Indianapolis Hospital Groups Pledge To Fight Racism As 'Public Health Crisis'

Protests in Indianapolis and other cities over the summer called attention to widespread inequities in America.

Three of Central Indiana’s largest health systems want people to understand that racism is a public health crisis. And it's preventable.

In a joint statement, the leaders of Community Health Network, Eskenazi Health and Indiana University Health say they want to go on record in pledging to do more to end health disparities and inequity. 

“Most of health is determined by things that have nothing to do with what we do in healthcare,” Eskenazi Health CEO Dr. Lisa Harris says. “It’s about opportunities, food, access to good  nutrition, to safe places to exercise.”

The leaders say inequities such as poverty, inadequate housing, criminal justice bias and food deserts worsen the health of Black and Latinx communities.

“It’s not just our job to take care of people when they’re sick, but that it’s really our job to help them stay well,” says Dennis Murphy, president of IU Health.

He says the work of inching toward equity is not new. This year, for example, IU Health raised its minimum wage for workers and is aiming for a livable wage of at least $15 an hour. 

“If any of us as leaders aren’t fulfilling these obligations, we’re personally accountable,” he says. “If I’m not pushing this agenda, I’m probably not the right person for this job.” 

In an interview with Side Effects Public Media and The Indianapolis Recorder, the leaders were asked whether their board members reflect the community's diversity. They said yes, but added that more Black, Latino and indigenous people of color should be added to the ranks.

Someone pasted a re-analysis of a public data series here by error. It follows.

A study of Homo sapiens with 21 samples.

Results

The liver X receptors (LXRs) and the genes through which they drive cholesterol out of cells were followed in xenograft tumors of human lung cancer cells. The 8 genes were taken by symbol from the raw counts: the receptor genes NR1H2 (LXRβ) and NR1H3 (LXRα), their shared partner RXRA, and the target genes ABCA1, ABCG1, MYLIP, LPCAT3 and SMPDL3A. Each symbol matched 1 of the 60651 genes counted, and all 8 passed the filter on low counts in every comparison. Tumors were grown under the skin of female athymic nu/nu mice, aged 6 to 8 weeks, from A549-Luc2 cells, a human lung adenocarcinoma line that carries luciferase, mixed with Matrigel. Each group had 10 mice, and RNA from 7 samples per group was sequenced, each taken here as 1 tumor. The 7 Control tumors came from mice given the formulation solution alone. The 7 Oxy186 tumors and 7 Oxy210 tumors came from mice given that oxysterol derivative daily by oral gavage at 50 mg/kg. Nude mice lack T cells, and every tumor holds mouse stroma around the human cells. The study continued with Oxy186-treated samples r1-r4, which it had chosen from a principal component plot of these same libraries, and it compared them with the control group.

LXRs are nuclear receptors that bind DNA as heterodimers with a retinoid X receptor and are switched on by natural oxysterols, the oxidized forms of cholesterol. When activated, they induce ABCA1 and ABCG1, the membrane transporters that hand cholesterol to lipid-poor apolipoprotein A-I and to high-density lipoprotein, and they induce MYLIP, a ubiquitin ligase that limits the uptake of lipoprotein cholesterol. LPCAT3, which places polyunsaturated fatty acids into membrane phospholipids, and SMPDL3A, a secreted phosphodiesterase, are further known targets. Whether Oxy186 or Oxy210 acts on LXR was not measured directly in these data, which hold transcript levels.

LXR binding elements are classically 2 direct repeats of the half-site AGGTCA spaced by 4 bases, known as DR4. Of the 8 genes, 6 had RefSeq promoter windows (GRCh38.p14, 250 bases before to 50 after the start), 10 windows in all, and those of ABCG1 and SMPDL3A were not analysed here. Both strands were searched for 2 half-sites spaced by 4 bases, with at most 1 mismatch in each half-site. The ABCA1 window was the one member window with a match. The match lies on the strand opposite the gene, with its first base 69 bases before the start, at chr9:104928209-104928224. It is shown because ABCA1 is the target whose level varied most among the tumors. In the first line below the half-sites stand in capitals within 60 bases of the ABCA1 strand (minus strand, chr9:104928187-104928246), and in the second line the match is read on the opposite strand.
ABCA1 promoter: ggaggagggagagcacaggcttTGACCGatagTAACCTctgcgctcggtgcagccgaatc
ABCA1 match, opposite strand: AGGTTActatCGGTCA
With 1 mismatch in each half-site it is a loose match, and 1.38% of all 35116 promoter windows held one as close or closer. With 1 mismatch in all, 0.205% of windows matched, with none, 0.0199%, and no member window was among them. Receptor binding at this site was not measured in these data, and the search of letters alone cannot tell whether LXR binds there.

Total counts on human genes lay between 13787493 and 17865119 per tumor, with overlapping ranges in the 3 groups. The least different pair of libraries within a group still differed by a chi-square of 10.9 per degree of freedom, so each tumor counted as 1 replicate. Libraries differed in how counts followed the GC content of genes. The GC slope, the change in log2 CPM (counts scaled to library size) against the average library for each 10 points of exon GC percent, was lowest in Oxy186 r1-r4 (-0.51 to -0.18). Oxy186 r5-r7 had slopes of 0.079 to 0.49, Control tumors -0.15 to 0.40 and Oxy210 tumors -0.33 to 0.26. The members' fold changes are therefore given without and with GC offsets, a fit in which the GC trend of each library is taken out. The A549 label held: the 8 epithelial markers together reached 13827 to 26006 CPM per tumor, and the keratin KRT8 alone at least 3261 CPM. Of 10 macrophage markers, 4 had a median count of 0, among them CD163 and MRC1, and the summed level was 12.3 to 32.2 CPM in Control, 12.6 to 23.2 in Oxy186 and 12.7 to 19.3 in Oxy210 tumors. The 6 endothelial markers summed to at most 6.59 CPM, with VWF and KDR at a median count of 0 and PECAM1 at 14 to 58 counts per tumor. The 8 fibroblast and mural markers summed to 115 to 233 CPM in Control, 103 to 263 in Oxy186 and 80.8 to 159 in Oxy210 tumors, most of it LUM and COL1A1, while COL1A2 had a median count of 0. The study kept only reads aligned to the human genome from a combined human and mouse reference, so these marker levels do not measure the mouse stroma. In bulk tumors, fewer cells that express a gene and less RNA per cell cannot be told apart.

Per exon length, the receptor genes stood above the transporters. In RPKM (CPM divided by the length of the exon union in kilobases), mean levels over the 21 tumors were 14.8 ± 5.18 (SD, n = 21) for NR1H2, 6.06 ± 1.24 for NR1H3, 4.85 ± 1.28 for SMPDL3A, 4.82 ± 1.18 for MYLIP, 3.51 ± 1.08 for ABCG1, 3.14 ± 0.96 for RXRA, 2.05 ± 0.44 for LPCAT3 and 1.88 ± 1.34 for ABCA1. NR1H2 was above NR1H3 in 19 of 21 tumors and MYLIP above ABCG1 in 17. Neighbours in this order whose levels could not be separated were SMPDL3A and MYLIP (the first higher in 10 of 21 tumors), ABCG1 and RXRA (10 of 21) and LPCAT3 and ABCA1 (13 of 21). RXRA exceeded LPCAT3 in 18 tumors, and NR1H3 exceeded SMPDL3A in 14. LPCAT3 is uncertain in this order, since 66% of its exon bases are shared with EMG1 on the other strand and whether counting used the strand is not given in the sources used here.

Murphy says the hospital system’s governing board will be presented with benchmarks and be responsible for checking in with leadership about them. 

Community Health Network president and CEO Bryan Mills says of patients, “How do we better know the person that’s in front of us? How do we better know their circumstances?” 

The health systems, which have worked closely together to address the COVID-19 pandemic, have set a number of goals. Among them: 

· Address and reduce discrimination among team members, patients and guests.

· Improve the demographic makeup of organization leaders, with a particular focus on people of color.

· Improve the equity of care by regularly measuring, monitoring and improving the care provided to underserved populations.

· Identify, research, understand and address racial disparities in healthcare access and outcomes.

· Work with other community organizations to develop, endorse, and provide support for creative solutions to social determinants of health, especially affordable housing, food security and workforce development.

The statement has been posted on each of the health systems’ websites. 

This story was produced by Side Effects Public Media, a news collaborative covering public health.